Last year the FRC Tribunal levied sanctions against KPMG and one of its former partners. The partner was excluded from ICAEW membership, while KPMG was fined £13m, severely reprimanded and ordered to appoint an independent reviewer. The Tribunal did note that the Silentnight pension fund had a significant deficit even before KPMG’s involvement.
The Silentnight case had been brought by the FRC under an arrangement known as the Accountancy Scheme, rather than the insolvency framework. The rules of this scheme – which was established in 2004 and further developed by the Companies Act 2006 – require the participating professional bodies (in this case ICAEW) to fund, up front, the costs incurred by the FRC in an investigation of any of their members or member firms. In return, whatever fines are levied by the FRC Tribunal (when and if an investigation results in a financial sanction) are passed to the professional bodies.
The Accountancy Scheme was therefore designed to fund investigations by the independent regulator without recourse to the taxpayer: it was never intended to operate as a mechanism for claiming or awarding compensation. The government is currently consulting on reforming insolvency regulation and, as the largest insolvency regulator in the UK, ICAEW has long argued that change is overdue.
In July, a legal firm acting on behalf of the trustees of the Silentnight pension fund wrote to the ICAEW board asking for the fine money to go to the fund, presumably as an ex-gratia payment since there was no legal basis for the request.
The board had great sympathy with the way in which members of the pension scheme may have been adversely affected by administration of Silentnight in 2011, however it noted that the Accountancy Scheme was never intended to provide compensation for third parties who may have suffered losses as a result of the actions of ICAEW members and member firms. Not only was the tribunal not equipped, in terms of the expertise and experience of its members, to work through all of the technical legal arguments that would surround any claim for compensation such as causation, contributory negligence or quantification, but there was also the risk of complicating and potentially duplicating the civil rights of third parties to seek redress through the courts directly from the member or member firm alleged to have caused the loss.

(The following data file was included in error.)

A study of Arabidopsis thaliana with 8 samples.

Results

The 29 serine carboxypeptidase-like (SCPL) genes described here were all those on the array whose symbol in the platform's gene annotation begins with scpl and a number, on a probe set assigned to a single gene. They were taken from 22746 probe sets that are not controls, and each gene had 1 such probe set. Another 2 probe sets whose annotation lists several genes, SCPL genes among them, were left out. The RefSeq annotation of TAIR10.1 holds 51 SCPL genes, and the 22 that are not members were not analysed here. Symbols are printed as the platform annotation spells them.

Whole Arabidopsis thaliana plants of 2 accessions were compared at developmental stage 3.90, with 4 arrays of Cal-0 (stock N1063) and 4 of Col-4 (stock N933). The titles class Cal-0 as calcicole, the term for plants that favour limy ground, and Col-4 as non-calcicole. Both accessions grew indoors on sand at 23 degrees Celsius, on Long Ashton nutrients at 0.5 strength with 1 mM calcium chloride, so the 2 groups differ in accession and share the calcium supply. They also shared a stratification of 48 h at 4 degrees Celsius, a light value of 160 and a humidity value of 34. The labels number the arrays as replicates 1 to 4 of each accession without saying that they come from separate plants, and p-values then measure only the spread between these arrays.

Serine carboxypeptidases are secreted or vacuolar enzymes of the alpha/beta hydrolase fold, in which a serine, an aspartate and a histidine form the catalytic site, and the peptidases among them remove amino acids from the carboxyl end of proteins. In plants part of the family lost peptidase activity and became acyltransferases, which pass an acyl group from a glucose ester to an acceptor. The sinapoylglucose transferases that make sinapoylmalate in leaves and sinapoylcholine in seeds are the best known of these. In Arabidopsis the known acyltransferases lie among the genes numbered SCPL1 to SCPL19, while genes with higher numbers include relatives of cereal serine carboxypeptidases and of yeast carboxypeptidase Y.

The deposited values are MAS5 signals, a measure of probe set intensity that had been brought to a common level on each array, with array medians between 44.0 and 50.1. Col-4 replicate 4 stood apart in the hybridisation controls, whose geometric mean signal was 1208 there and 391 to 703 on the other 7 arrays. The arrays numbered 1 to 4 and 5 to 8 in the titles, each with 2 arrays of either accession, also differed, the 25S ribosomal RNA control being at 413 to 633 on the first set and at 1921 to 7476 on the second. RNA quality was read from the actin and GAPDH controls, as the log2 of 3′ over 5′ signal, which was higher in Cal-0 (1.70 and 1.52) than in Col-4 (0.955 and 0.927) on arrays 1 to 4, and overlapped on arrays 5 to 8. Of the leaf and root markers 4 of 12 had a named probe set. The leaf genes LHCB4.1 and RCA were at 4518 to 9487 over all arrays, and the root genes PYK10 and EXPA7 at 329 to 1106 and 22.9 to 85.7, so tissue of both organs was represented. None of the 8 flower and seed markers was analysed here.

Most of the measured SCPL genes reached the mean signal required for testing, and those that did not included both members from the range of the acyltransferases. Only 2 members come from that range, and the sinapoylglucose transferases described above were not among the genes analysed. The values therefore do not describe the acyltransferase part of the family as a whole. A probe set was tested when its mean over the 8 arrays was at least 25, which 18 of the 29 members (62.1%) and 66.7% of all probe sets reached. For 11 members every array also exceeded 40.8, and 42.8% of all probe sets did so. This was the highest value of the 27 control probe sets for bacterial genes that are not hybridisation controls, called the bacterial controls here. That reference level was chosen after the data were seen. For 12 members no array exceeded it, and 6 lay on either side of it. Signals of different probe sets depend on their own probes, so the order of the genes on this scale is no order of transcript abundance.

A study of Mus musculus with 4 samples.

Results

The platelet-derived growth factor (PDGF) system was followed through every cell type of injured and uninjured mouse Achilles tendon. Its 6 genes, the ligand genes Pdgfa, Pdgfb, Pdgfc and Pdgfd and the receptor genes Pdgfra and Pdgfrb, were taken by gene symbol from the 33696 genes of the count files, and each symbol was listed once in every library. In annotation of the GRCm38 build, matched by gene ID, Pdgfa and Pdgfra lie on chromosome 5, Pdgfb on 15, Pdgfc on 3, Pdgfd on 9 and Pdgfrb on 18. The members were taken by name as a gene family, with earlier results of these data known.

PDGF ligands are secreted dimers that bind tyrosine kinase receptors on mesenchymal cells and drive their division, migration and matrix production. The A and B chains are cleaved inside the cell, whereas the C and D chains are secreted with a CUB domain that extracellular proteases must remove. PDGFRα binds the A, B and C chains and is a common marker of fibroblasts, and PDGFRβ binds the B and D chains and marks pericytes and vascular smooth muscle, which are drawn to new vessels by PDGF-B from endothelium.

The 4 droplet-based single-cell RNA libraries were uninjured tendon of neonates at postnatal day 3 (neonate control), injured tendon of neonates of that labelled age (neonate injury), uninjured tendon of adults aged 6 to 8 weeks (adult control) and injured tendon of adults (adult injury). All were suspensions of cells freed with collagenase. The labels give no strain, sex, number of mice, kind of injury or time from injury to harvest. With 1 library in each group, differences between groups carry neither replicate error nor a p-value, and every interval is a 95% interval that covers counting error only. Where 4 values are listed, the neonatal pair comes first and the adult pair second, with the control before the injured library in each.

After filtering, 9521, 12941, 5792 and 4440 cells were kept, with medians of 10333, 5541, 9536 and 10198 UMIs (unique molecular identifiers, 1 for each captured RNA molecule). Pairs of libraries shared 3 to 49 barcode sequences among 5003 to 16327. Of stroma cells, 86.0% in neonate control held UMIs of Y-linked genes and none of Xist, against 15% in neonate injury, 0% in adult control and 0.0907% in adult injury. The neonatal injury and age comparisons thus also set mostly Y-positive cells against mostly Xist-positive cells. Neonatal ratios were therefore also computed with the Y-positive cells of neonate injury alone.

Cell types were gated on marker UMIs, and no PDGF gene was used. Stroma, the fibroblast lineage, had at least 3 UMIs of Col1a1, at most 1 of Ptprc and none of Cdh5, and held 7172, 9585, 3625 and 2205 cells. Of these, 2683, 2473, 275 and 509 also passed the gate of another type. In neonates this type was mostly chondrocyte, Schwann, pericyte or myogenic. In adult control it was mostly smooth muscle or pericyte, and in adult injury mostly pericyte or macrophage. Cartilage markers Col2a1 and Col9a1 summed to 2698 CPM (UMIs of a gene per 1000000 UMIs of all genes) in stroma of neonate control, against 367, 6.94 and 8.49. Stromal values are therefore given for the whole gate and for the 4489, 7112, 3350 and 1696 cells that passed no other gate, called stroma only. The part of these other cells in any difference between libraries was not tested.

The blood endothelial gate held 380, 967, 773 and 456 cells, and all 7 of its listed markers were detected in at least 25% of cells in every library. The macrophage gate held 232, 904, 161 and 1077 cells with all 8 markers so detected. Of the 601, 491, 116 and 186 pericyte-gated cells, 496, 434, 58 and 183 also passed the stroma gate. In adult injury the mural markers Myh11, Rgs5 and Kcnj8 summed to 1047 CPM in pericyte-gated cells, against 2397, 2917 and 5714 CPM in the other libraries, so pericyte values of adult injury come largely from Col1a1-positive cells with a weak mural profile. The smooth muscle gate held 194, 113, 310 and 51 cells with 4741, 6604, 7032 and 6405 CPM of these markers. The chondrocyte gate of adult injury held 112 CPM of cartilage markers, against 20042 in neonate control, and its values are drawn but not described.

The Accountancy Scheme is not unusual in this respect, and the FRC’s Audit Enforcement Procedure is one example of regulation that operates in a similar way. It is not set up to compensate those who suffer financially through a poor audit and all of the fines handed down under the Audit Enforcement Procedure will be remitted to HM Treasury.
Taking all of this into account, the board concluded that it would not be appropriate for ICAEW to pass over any fines received from the FRC in relation to this matter to the pension fund. At the further request of the law firm, the ICAEW Board considered this matter again at its meeting in October, and reaffirmed its previous decision.
An ICAEW spokesperson said: “This fine money is not a windfall for ICAEW. While a substantial penalty was ordered to be paid by KPMG in relation to Silentnight, many other investigations since 2004 have not resulted in disciplinary proceedings against firms. In those cases, ICAEW and the other bodies have borne all of the costs. Even where fines have been imposed, many of the costs orders have not fully reimbursed the bodies for the whole costs of the investigations.”
“ICAEW is a professional body serving the public interest, as required by the terms of its Royal Charter. Money from FRC fines comes into our reserves where it is used to fund strategic projects that address public interest matters and support the development of the wider profession. In recent years this has included social mobility programmes such as BASE and RISE, and our international capacity building programme.”